NEW YORK TV spots shown during programming on the Web resonate far better with viewers than the same 30-second ads on TV, thanks to the Internet's lack of clutter and more attentive (if much smaller) audience, according to a new study by Millward Brown.
The research firm recruited more than 3,000 viewers to watch a network TV show on alternate platforms, pitting Web video ads against the same show on TV. The study found that, compared to live TV, Web spots increased the viewer attention rate by 53 percent, awareness by 52 percent, consideration by 27 percent and favorability by 26 percent. Prompted recall of brand advertising was four times higher for Web viewers.
Despite their reputation for ADD-like clicking, Web users were more likely to lock in on video: Shows online retained 68 percent of their audience during breaks, compared to 59 percent on TV. Branding was further aided by networks typically running only a single advertiser online, but several on TV.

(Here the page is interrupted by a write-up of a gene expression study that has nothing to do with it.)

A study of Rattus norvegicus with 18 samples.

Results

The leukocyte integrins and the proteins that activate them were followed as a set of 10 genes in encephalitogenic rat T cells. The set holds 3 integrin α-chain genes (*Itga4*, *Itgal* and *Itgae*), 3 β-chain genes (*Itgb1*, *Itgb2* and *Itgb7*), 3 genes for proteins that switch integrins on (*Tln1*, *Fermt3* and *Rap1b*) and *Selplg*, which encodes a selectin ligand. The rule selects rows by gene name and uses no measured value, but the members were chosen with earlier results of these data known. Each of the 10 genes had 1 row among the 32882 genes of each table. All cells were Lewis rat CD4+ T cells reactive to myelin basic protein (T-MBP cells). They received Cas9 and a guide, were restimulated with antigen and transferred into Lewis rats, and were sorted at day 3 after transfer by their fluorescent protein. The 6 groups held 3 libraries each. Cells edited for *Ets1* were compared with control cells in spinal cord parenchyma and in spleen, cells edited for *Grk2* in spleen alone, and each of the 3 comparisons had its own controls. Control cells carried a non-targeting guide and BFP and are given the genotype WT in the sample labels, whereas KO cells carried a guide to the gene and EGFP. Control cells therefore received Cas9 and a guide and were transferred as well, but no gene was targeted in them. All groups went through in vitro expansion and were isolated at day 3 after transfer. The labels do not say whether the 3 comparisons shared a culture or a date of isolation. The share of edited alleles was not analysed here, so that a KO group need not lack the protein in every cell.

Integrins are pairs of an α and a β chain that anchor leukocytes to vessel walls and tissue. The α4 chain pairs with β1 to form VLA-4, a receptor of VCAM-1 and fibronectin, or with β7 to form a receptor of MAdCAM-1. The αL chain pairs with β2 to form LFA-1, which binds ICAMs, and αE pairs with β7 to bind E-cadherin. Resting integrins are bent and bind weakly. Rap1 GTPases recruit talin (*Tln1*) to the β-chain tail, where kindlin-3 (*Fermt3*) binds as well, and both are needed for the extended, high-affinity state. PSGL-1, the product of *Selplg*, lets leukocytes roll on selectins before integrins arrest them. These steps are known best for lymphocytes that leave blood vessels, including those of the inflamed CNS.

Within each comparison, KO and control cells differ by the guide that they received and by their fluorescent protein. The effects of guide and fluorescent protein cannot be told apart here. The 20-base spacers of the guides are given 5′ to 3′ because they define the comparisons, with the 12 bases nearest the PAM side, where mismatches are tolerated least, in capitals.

"You're looking at a 30-second ad, not a four-minute pod," said Millward Brown vp Mike Ripka. "You'll sit around for 30 seconds, so you're highly engaged with the advertising."
But Ripka is not about to counsel clients to spill their TV budgets into Web video. Grey's Anatomy attracts over 18 million viewers weekly, while all of ABC.com got just 9 million last month, per Nielsen//NetRatings. "We don't get the scale," said Jordan Bitterman, a media director at Digitas, "[but] I can get the people watching Grey's Anatomy in other ways [online]."
And Web-run spots, which play an average of three times per episode, risk annoying viewers exposed repeatedly to the same message. "That could wear out an ad very quickly," Ripka said.
Millward Brown's futures marketing group conducted the study as part of its captive TV/video viewing research series. To complete the study, it linked up with ABC, NBC and Fox; three undisclosed national advertisers; and Digitas, Magna Global and GroupM.